Safran opens new CAP 2020 industrial campus in Tarnos
Safran Helicopter Engines on February 21 celebrated the opening of CAP 2020, its new industrial campus in Tarnos, southwest France. Present were Florence Parly, French Minister of the Armed Forces, Geneviève Darrieussecq, Secretary of State to the Minister of the Armed Forces, Ross McInnes, Safran Chairman, Philippe Petitcolin, Safran CEO, and Franck Saudo, President of Safran Helicopter Engines.
Launched in September 2015 and after a total investment of €50 million, CAP 2020 represents what Safran describes as a significant upgrade to the Tarnos facility. Now with 1,550 employees, Tarnos is the manufacturer’s second largest facility.
Safran explains Tarnos is mainly dedicated to the support of in-service helicopter engines and MRO (Maintenance Repair & Overhaul) activities. CAP 2020 will act as the hub for the company’s global support network.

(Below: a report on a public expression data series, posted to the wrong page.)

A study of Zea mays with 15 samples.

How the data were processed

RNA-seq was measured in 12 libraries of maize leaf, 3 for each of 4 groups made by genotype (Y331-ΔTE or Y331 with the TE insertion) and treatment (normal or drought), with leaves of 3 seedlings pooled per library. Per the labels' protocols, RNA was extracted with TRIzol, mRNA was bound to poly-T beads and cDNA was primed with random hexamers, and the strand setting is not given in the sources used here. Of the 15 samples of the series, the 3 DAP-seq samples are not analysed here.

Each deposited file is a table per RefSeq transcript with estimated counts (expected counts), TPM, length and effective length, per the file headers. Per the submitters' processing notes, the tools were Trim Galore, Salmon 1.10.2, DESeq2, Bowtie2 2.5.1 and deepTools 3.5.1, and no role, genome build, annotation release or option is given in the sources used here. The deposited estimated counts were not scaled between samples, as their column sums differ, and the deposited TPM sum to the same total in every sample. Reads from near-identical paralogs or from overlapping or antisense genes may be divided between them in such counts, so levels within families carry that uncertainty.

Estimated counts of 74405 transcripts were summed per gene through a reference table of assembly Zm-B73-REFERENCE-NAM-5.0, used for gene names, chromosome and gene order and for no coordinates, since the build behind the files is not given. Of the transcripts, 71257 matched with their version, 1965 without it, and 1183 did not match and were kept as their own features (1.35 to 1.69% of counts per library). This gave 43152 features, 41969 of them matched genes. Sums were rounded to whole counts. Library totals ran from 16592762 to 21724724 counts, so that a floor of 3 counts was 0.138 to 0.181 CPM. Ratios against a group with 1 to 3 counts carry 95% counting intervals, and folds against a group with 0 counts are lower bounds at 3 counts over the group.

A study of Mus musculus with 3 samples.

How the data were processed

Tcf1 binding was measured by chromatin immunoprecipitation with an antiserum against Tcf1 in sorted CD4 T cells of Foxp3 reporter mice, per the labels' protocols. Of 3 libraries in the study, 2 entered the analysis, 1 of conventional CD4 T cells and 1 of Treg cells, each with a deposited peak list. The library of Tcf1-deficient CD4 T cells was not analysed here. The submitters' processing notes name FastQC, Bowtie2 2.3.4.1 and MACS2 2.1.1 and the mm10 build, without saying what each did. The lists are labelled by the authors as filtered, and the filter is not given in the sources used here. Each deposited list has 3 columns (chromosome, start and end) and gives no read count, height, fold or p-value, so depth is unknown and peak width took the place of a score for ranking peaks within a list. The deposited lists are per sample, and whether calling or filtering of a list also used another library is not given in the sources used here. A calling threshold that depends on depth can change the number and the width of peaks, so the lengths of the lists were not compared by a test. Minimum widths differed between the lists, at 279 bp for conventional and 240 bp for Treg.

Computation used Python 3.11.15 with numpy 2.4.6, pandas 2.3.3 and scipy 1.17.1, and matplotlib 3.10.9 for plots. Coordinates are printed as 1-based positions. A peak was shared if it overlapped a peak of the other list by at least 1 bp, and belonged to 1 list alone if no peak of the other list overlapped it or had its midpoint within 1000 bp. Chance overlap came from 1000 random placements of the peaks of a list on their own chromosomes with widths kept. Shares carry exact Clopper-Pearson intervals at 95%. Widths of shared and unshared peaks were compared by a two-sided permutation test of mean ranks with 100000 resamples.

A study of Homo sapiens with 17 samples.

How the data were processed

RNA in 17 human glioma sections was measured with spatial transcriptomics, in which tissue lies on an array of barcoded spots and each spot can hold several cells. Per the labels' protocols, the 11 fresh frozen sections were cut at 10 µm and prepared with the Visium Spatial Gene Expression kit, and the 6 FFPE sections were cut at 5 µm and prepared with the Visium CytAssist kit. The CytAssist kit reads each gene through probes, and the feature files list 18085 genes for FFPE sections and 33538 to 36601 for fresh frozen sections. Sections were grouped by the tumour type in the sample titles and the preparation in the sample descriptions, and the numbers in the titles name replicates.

This new industrial campus comprises three new buildings with a total footprint of 33,000 m², including: a 8,500 m2 parts and component repair shop, dedicated to MRO of turbines from Safran Helicopter Engines’ worldwide support sites; a 14,500 m2 repair shop for in-service engines; and a 10,000 m2 office building to manage global support and services.
Through optimizing processes and with new industrial capabilities in place at the facility, Safran Helicopter Engines expects to reduce MRO cycles by 30 per cent.
“This new industrial campus complex enables us to welcome our customers to a modern site and offer them the very highest quality of service,” said Franck Saudo. “CAP 2020 also provides our teams with a rejuvenated working environment that will help them realise their full potential. It also further strengthens our bond with the Nouvelle-Aquitaine region, where more than 1,500 jobs are now guaranteed.”
Safran explains CAP 2020 forms the backbone of the MCO (Maintien en Conditions Opérationnelles) support contract for helicopter engines operated by the French government. For 12 years now, Safran Helicopter Engines has delivered what it describes as 100 per cent serviceability for 1,600 engines operated by France’s armed forces and parapublic services.